Nasdaq Soars Most Since November on Profit Beat
Nasdaq OMX Group Inc. (NDAQ), the second- largest U.S. equity exchange operator, rallied the most since November after quarterly earnings beat analyst estimates and the company lowered its 2012 expense forecast.
The shares rose 4.8 percent to $22.87 today in the biggest advance since Nov. 30. The rally curbed the 2012 loss for Nasdaq OMX to 6.7 percent, compared with a 15 percent decline in the Bloomberg World Exchanges Index (BNWEXCH) of 25 companies worldwide.
Second-quarter earnings rose to 64 cents a share excluding some items, exceeding to the 60-cent average estimate of analysts surveyed by Bloomberg. Net income rose 1.1 percent to $92 million, and the New York-based company lowered its 2012 core operating expense forecast to a range of $870 million to $890 million, excluding new initiative spending, acquisition costs and a compensation plan for brokers that lost money on the Facebook (FB) Inc. initial offering.
Almost $900 million was erased from Nasdaq OMX’s market value last quarter after Facebook’s debut in May burned investors, spurred losses on Wall Street and prompted lawsuits against the exchange. The bourse boosted its compensation plan this month for brokers that lost money on the IPO, the biggest share sale since General Motors Co. in November 2010, to $62 million cash.
“Nasdaq is showing the IPO-related malfunctions are not impacting their ability to return cash at outsized rates, a key part of Nasdaq’s strategy to turn relatively modest top-line growth into healthy EPS growth,” Ed Ditmire, a New York-based analyst with Macquarie Group Ltd., wrote after the release.
The plan Nasdaq unveiled last week to pay member firms that lost money in the IPO of Facebook represents the company’s “definitive statement” on restitution and no more reserves are planned, Nasdaq OMX Chief Executive Officer Robert Greifeld said on a conference call with analysts today. As an exchange owner, Nasdaq has substantial legal defenses, he said.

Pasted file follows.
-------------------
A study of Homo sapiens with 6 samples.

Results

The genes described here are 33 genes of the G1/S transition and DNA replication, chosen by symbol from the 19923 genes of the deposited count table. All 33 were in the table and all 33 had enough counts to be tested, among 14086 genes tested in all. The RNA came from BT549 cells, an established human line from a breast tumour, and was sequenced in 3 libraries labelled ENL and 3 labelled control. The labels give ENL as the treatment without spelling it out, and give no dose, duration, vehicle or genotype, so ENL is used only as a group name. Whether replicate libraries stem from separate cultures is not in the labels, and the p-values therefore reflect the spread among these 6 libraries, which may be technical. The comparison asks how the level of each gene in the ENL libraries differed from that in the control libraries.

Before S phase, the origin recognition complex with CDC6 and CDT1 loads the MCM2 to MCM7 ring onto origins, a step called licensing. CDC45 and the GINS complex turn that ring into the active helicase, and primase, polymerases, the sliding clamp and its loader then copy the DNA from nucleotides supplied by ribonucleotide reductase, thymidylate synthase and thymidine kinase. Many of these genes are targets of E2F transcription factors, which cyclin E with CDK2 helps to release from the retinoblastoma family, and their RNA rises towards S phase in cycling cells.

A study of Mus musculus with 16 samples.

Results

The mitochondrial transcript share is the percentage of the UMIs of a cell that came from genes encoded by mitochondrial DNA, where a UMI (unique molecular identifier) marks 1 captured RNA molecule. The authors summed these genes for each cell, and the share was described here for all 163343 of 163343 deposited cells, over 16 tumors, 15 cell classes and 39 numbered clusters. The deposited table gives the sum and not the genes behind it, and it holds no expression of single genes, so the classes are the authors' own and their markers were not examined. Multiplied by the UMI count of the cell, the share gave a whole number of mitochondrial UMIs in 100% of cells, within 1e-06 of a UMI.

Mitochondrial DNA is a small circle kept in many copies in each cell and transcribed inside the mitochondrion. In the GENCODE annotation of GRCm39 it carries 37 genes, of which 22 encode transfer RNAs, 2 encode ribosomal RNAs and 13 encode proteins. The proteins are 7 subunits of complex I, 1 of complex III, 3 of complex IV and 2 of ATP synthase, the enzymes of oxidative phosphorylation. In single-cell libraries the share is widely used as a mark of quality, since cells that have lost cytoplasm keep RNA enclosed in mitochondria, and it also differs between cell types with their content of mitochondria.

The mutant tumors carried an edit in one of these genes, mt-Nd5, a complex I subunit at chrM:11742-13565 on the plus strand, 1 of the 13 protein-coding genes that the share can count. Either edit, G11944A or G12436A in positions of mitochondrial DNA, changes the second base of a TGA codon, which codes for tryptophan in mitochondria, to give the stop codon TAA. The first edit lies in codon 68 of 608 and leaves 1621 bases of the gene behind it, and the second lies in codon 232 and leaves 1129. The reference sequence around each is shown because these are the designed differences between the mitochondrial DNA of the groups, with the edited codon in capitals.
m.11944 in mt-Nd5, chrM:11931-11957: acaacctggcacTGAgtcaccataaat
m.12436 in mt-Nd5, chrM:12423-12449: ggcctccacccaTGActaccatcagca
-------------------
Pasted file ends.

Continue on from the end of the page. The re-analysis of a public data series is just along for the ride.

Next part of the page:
The company bought back 5.3 million shares for $125 million in the second quarter, bringing the total amount repurchased since January 2009 to $1.1 billion, according to today’s release. Nasdaq OMX paid its first cash dividend of 13 cents a share during the second quarter.
Revenue excluding rebates, clearing and other fees rose 2.2 percent to $424 million, exceeding the average analyst projection, data compiled by Bloomberg show. Access and broker services revenue increased the most, rising 12 percent to $66 million from a year ago. Market data, which accounts for 22 percent of net revenue, increased 8.4 percent to $90 million, Nasdaq said.
Higher sales for services offset lower trading revenue, as fees for handling stock transactions fell 12 percent to $52 million and derivatives trading and clearing slipped 6.7 percent to $70 million.
Average daily volume of U.S. exchange-listed securities during the second quarter fell 4.5 percent to 6.82 billion shares, according to data compiled by Bloomberg. Nasdaq gets about a third of its revenue from transaction fees for equities and derivatives, data from the company show. The exchange’s U.S. equity market share rose to 22.5 percent from 21.2 percent in the first quarter, Barclays data show.
Nasdaq OMX, which won the Facebook listing over its main competitor NYSE Euronext (NYX), has faced criticism for its handling of the debut, when the first public transaction took a half hour longer than planned. An error also prevented execution reports for the shares that entered the auction, and those that were ignored, from being sent immediately to brokerages.
“We deeply regret the problems encountered during the initial public offering of Facebook,” Greifeld said in a press release on July 20. “We failed to meet our own high standards based on our long history of providing outstanding technology to our members and exchange customers. We have learned from this experience and we will continue to improve our trading platforms.”
Nasdaq OMX agreed to increase the compensation pool from $40 million and did away with a proposal to credit most of the money through reduced trading costs, according to a submission last week with the Securities and Exchange Commission. Member brokers who accommodated customers for losses will get paid first, it said.
“We suspect the fund is still unlikely to satisfy member firms that experienced trading losses,” Patrick O’Shaughnessy, a Chicago-based analyst at Raymond James & Associates Inc., wrote in a July 23 note. “Even at its increased size, the accommodation fund is still well below the $100 plus million in reported claims from member firms.”
NYSE Euronext, the largest U.S. stock-exchange operator, is scheduled to issue its quarterly report on Aug. 3. The average analyst projection is for 50 cents a share in profit, down from the 61 cents in the year-earlier period, according to data compiled by Bloomberg. Deutsche Boerse AG (DB1), the Frankfurt-based exchange, will post earnings results on July 26.